There's an "old writer's tale" that says the longer an editor takes to respond to your submission, the more likely it is that she is going to accept it. A slight variation of the same tale says that the longer an editor takes to respond to your submission, the more likely it is that she is considering accepting it.
What a crock.
I've spent enough time in enough editorial offices--as an editor and as a freelancer--to know it isn't necessarily true.
Let me describe what happens to the slush pile in the editorial offices of some publications with which I'm familiar:
Publication A: The editor waits until two designated cardboard boxes are filled with slush pile submissions. Then he has a "reading party" and a group of volunteers spends an evening reading the submissions and passing on potentially publishable work to the editor. A submission that went into the box two months ago is no different than one that went into the box two days ago.
Publication B: The editor assigns almost everything to established writers and uses very little unsolicited material. Unsolicited submissions are piled on the corner of the editor's desk until the pile is so tall the submissions start falling to the floor every time he passes. Then he spends an afternoon clearing his desk. A submission tossed onto the corner of his desk two months ago is no different than one tossed there two days ago.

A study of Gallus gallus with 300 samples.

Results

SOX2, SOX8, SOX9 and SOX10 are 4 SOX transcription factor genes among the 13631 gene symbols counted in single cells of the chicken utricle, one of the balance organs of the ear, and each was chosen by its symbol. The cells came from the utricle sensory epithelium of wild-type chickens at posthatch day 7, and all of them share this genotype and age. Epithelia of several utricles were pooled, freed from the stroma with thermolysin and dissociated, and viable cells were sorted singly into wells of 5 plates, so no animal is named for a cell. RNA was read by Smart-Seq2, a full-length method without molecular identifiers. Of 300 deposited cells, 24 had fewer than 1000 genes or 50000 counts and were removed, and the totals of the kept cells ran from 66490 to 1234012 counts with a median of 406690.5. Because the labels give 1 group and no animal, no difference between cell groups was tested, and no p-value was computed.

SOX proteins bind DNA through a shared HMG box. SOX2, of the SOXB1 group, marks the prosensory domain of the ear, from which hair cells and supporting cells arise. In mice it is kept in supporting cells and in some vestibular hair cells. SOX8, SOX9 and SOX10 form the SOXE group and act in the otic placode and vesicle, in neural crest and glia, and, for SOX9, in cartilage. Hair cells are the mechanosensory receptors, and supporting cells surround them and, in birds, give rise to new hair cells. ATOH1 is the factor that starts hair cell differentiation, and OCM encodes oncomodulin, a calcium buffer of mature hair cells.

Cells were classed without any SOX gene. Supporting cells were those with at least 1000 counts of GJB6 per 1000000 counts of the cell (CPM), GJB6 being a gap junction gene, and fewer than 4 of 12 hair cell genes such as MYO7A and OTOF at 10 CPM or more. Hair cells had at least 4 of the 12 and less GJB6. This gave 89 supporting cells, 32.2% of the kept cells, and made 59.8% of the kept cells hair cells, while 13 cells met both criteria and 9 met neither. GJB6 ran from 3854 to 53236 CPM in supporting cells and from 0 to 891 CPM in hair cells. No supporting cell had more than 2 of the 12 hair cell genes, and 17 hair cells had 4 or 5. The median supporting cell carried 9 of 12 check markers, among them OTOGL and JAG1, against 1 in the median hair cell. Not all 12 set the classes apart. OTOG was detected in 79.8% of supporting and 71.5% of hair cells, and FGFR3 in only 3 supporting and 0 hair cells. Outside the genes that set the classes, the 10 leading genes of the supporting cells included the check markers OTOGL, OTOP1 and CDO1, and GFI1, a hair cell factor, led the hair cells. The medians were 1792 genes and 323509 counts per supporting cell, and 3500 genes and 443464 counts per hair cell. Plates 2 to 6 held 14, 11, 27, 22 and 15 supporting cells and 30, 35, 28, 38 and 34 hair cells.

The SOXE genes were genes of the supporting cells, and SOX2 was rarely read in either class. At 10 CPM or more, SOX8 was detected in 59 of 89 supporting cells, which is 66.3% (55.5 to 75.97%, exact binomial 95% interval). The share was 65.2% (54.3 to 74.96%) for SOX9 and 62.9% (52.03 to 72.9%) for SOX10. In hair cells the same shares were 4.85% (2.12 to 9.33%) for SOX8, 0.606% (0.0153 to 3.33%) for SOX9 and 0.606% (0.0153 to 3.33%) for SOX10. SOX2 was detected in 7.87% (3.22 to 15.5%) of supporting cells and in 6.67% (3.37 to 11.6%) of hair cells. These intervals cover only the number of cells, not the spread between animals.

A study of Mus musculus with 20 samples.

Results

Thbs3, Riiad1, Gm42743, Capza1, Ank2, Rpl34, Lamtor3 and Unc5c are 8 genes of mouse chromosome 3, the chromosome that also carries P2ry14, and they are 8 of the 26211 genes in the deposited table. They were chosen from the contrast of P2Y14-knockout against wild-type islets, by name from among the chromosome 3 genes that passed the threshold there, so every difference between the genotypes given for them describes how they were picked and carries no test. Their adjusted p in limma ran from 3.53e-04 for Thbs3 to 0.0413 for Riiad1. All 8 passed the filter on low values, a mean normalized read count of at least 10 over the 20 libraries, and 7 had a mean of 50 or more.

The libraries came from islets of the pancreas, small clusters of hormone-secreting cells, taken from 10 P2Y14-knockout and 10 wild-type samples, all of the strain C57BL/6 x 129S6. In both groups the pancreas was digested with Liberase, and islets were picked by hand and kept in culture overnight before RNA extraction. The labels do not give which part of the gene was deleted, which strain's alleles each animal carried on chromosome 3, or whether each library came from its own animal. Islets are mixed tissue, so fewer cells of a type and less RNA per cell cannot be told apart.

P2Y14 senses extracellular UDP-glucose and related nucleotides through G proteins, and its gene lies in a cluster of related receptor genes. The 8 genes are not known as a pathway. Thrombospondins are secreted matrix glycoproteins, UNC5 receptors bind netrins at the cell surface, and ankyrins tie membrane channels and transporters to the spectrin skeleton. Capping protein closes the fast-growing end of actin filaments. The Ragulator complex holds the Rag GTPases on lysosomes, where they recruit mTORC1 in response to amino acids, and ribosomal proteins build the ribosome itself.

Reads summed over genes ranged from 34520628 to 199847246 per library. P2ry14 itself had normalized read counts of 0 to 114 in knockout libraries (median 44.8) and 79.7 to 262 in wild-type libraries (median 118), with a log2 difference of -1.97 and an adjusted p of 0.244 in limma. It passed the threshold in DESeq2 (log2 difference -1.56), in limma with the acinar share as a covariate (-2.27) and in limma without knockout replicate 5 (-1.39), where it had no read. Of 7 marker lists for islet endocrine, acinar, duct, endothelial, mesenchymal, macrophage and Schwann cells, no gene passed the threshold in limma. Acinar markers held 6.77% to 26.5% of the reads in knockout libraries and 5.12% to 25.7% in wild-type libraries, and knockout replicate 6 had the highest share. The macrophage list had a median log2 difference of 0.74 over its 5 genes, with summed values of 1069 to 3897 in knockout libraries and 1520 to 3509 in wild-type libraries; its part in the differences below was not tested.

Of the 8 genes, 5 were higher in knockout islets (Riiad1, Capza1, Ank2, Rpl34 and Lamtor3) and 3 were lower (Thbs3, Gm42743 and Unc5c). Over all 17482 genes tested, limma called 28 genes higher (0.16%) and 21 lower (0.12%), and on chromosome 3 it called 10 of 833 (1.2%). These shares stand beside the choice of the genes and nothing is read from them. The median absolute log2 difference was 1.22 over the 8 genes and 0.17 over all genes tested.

Publication C: The editor has found so little publishable material in the slush pile that he mostly ignores it. Similar to the editor of Publication B, he waits until the pile of unsolicited material interferes with his work, which happens only a couple of times a year. Again, a two-month-old submission is treated no differently than a two-day old submission.
Is there even a glimmer of truth in the "old writer's tale"? Perhaps. At publications where submissions travel upward through a hierarchy of editors where any editor along the way can reject a submission but only one editor can accept it, the length of time before response may indicate potential interest.
But I wouldn't stake my career on it.